Ransomware attacks are on the rise. 2021 saw 1,885% increase in ransomware attacks on governments, according to the SonicWall 2022 Cyber Threat Report. Worldwide, ransomware attacks rose 105%, and 104% in North America alone. In a cyber economy where 97% of top 35 cybersecurity companies house exposed assets on Amazon Web Services, 92% of pharmaceutical companies host exposed databases, there’s a clear need to better defend the digital perimeter.
Enter cybersecurity insurance: a solution CISOs are increasingly leaning on to offset their cyber risk. In Q4 2021, four out of every five insurers reported a spike in cyber security claims, sending premiums soaring upwards of 33%. Skyrocketing premiums are caused in part by a lack of historical data — without it, it’s difficult to build actuary models that accurately account for the likelihood of an event to happen, and ensure cyber attacks are covered by insurance policies. This causes a domino effect: as attacks increase, payouts rise, causing providers to hike premiums to offset their losses.
As a result, enterprise organizations are left with few options to defend against risk calculations. Meanwhile, insurance providers take on more risk with little upside. External Attack Surface Management (EASM) is the natural place to start for both sides. Factoring EASM into the equation means the math is clear for all. Insurance companies can better justify premium prices, while companies can demonstrate their cyber posture when applying for cybersecurity insurance.
Understanding the attack surface gives both insurers and insured a head start
As cyberattacks increase, so does demand for cybersecurity insurance. Insurers raise premiums to cover their losses and costs. Other than regulatory guidelines, the industry has yet to put in place a definitive calculation method to transparently mark premiums. This is in part because calculating cybersecurity risk is a convoluted process dependent on a number of factors.
If you define risk as the potential probability of attack, compared against the exposure of the attack surface, a number of fixed and dynamic dependencies emerge. Fixed variables include type and frequency of historical attacks, as well as a company’s industry and geo location. Dynamic variables cover the size and skill of security personnel managing risk portfolios and asset inventory and — most importantly — exposure level of digital assets.
Despite knowing this, there’s little visibility around how insurers justify premium increases, cost of reinsurance, and other surcharges. All of this leaves enterprise organizations with a reactive approach to protection during an already expensive recovery period. One solution is to monitor the real-time exposures across the entire attack surface of an enterprise organization — including their subsidiaries, supply chain and third party vendors across all environments — on premise, off premise and on the cloud.
Assessing cyber risk is an equation with many variables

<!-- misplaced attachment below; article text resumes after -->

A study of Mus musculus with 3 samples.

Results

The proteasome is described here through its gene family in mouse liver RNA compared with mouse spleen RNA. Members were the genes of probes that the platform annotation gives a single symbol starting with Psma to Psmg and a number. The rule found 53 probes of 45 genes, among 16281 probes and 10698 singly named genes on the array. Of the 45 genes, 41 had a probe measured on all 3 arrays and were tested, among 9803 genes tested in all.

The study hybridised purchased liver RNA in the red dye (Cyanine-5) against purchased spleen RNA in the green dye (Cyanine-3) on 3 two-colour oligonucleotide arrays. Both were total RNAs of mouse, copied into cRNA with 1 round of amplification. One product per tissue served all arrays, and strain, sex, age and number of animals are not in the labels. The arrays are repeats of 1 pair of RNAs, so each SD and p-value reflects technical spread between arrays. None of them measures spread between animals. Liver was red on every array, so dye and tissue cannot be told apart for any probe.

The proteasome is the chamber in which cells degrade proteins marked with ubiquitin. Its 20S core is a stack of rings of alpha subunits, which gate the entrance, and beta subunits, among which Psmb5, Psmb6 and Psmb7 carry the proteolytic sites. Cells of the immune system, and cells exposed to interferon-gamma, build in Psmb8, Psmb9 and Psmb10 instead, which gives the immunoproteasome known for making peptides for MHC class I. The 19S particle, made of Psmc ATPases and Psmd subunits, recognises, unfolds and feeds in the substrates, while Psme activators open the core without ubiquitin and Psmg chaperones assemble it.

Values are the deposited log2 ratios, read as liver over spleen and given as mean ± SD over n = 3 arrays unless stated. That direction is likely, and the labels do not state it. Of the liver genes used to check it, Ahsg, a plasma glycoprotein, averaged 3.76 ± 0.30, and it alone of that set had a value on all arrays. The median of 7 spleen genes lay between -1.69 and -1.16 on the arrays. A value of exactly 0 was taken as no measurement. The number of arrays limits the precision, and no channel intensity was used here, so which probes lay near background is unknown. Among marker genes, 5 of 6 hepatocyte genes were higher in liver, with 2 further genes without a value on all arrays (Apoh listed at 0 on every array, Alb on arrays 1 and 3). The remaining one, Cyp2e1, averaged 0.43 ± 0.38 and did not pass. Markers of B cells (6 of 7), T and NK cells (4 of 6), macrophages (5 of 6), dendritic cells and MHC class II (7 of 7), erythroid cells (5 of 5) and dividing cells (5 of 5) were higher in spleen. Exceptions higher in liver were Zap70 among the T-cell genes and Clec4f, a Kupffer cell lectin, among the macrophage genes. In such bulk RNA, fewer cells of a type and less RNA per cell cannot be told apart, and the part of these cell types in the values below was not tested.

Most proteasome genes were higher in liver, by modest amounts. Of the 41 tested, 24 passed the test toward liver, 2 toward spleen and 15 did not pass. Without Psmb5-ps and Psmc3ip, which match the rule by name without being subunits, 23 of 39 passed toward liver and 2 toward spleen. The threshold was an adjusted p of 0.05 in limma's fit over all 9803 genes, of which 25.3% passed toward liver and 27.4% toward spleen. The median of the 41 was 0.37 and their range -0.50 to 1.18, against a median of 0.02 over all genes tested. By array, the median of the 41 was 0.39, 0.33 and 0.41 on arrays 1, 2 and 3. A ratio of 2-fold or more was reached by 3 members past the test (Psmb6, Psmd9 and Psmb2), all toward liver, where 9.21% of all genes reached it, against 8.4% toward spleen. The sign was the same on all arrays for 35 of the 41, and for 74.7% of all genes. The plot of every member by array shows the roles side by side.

The fact of the matter is that risks are not always what they seem. What an insurance company may deem as a risk may not be backed up by the facts.
In examining the cyber security preparedness of an enterprise organization, an outside-in view of the attack surface is the ideal first port of call. Of the contributing variables in a risk level, EASM platforms immediately identify and validate the geography, industry and size of a company in relation to their digital footprint — cloud, hosting providers, subsidiaries, supply chain and third party vendors included.
Though organizations cannot change most variables — like where they’re located, or the industry they work within — what they can change is the potential number of attacks over time by identifying vulnerable assets with EASM. Security teams do not have to manually track and catalog each asset; nor do they have to verify vulnerabilities or action remediation asset-by-asset. Instead, EASM automatically makes recommendations for security teams to take action.
For example, EASM creates an asset inventory for an organization and classify each assets’ risk level (critical, high or medium). With a thorough asset discovery process that covers both on and offline assets, their OS and SW versions installed, and open services or ports, EASMs accuracy is unparalleled when it comes to identifying associated vulnerabilities.
This information is the foundation of true cyber resilience. CISOs must take time to properly assess the business impact of exposed assets, including the effect on a company’s risk level. Once understood and processed, this information can then be passed onto insurers as proof of minimized cyber risk, slashing insurance premiums for companies and clarifying risk profiles for providers.
For insurers, EASM eases the due diligence process, they can initiate scanning on a prospective client and use this data during negotiation. For both sides, attack surface data can be used to standardize the cyber insurance premium process with clear, actionable insight.
EASM is the core of any cyber risk calculation
As ransomware attacks increase, we can expect the same of the premiums that protect companies, and the demand is only set to continue. Fortunately, there is something CISOs and security teams can do: arm themselves with information and insights about their attack surface in real-time.
With direct impact on several factors contributing to a cyber risk profile, like geography, size and industry insights, and indirect support to security teams and the overall reduction of risk over time figures, EASM demonstrably helps companies to minimize risk, vulnerability to attack, and justify lower premiums to insurers. Meanwhile, insurers make the premium calculation process more streamlined and clear to companies, making best practice easier than ever before.